So Much to Do in the Dominican Republic, by Travel Writers

By Victor Block

People often imagine the Caribbean island of the Dominican Republic as a place of golden-sand beaches and inviting all-inclusive resorts. Although there are many such settings, I had other things in mind during my visit. I was intrigued by a long selection of activities that allowed me to explore largely unspoiled countryside, interact with local residents, visit villages little affected by tourism, and enjoy encounters with Mother Nature. .

I followed the voyage of Christopher Columbus who, in 1492, spotted the island that the Dominican Republic shares today with the country of Haiti. A colony was established there 10 years later.

Among the reminders of the Spanish colonial era is a stone fort, Fuerte de San Filipe (Fort of Saint Philip), which still faces the northern shore. Its massive walls house a small historical museum that tells the story of the Dominican Republic’s struggle for independence, which it finally achieved in 1821.

Today, many visitors head to the Puerto Plata vacation resort, which is well located for trips to nearby towns and beaches. Playa Cabarete (Cabarete Beach) is popular among locals and tourists. Its semi-circular stretch of golden sand is surrounded by restaurants and bars.

Sosua is another favorite beach for Dominicans. In the past, it was a peaceful fishing village. Over the past few years, it has grown into a bustling little trading community. Small shops and restaurants line the beach, and vendors stroll along the sand selling snacks and trinkets to sunbathers. When I looked for a change from visiting beaches and tourist attractions, the challenge became choosing from an inviting array of alternatives.

I decided to focus on new experiences and found the perfect solution. After asking around, I was directed to Iguana Mama, an outdoor tour operator that offers a wide range of tempting activities, such as cascading waterfalls, ziplining, canyoning, tubing river and riding in all-terrain vehicles. I selected two options that seemed to offer enough of a challenge, but not too much. One was a bike ride on dirt roads that cut through neighborhoods of modest homes. I waved at kids playing in the streets while riding to avoid bike-eating potholes and dust-scratching chickens.

Then, after loading the rented bike onto a ramshackle speedboat, I enjoyed a ride down the Yasica River, passing cows grazing in the fields and fishermen casting their nets. Back on land, I sipped a cold drink of coconut water from the shell, then cycled back to my starting point.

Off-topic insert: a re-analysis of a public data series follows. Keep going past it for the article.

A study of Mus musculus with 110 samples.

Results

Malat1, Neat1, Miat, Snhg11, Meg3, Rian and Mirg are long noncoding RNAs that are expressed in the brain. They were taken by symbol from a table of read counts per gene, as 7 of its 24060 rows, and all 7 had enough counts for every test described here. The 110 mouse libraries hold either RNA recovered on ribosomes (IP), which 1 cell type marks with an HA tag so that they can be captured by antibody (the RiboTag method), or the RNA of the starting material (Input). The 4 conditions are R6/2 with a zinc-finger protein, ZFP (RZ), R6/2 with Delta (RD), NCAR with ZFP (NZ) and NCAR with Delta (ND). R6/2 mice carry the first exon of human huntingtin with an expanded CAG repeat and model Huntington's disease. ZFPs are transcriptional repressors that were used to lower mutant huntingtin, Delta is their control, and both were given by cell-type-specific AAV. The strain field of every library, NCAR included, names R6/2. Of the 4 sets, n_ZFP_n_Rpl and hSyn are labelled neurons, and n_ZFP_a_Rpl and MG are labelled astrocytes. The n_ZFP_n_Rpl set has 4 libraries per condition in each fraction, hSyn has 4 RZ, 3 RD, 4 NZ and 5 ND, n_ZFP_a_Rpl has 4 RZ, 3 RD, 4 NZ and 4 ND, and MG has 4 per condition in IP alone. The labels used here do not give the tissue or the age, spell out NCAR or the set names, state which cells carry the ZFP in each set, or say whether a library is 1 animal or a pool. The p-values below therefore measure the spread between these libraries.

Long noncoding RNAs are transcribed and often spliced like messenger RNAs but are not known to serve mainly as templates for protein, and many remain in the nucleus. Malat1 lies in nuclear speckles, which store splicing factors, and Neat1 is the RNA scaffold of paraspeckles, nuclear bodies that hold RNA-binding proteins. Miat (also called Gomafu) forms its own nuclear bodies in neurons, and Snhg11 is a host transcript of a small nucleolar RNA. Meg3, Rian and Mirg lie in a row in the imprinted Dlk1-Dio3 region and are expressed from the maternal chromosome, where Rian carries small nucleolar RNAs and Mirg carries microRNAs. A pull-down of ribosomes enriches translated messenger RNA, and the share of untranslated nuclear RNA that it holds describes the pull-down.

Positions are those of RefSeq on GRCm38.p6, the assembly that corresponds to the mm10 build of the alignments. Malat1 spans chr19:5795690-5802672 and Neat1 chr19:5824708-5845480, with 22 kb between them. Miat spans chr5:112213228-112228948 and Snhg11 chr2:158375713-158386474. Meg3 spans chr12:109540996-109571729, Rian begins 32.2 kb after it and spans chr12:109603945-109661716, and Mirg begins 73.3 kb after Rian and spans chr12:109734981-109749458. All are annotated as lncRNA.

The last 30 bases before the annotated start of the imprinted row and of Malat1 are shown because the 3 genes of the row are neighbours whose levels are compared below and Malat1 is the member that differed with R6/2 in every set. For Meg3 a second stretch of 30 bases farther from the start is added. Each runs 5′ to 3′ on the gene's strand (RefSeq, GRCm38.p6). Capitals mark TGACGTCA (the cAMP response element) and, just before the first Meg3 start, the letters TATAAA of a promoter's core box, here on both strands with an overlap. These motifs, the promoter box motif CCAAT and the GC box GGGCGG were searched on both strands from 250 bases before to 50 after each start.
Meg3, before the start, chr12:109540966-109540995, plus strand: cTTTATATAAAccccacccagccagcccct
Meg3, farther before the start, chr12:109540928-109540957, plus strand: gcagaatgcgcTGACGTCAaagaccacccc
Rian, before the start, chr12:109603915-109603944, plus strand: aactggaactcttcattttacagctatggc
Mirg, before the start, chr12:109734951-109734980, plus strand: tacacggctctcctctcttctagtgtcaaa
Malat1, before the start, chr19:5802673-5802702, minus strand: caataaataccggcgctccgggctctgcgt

Another day, another outing. This time it was a hike in El Choco National Park, named after the chocolate (choco) color of the earth. It included exploring many of the over 100 limestone caves, many of which are connected by underground rivers which added a whole new dimension to the usual walk through the woods.

An attractive bonus was an encounter in the forest with an elderly man who invited me to his little hut made of wood and palm fronds and offered me a snack of hot yucca. This gesture of hospitality embodied every experience with the Dominicans I met. They were always friendly and courteous.

The people I meet while traveling have a lot to do with how much I enjoy a destination. Add beautiful beaches, stunning landscapes and small towns, and a long list of both familiar and lesser-known activities, and the Dominican Republic has plenty to offer those looking for active days, hours to relax. lounging on the sand or close encounters of the best kind.

WHEN YOU GO

For more information on visiting the Dominican Republic: www.godominicanrepublic.com

A visitor to Fuerte de San Felipe in the Dominican Republic surveys the landscape. Photo courtesy of Victor Block.

(SET CAPTION2) People like these girls in a village in the Dominican Republic are always welcoming to visitors. Photo courtesy of Victor Block. END CAPTION 2)

    Fishermen on the Yasica River in the Dominican Republic cast their nets.  Photo courtesy of Victor Block.

Fishermen on the Yasica River in the Dominican Republic cast their nets. Photo courtesy of Victor Block.

Victor Block is a freelance writer. To read articles by other Creators Syndicate writers and cartoonists, visit the Creators Syndicate website at www.creators.com.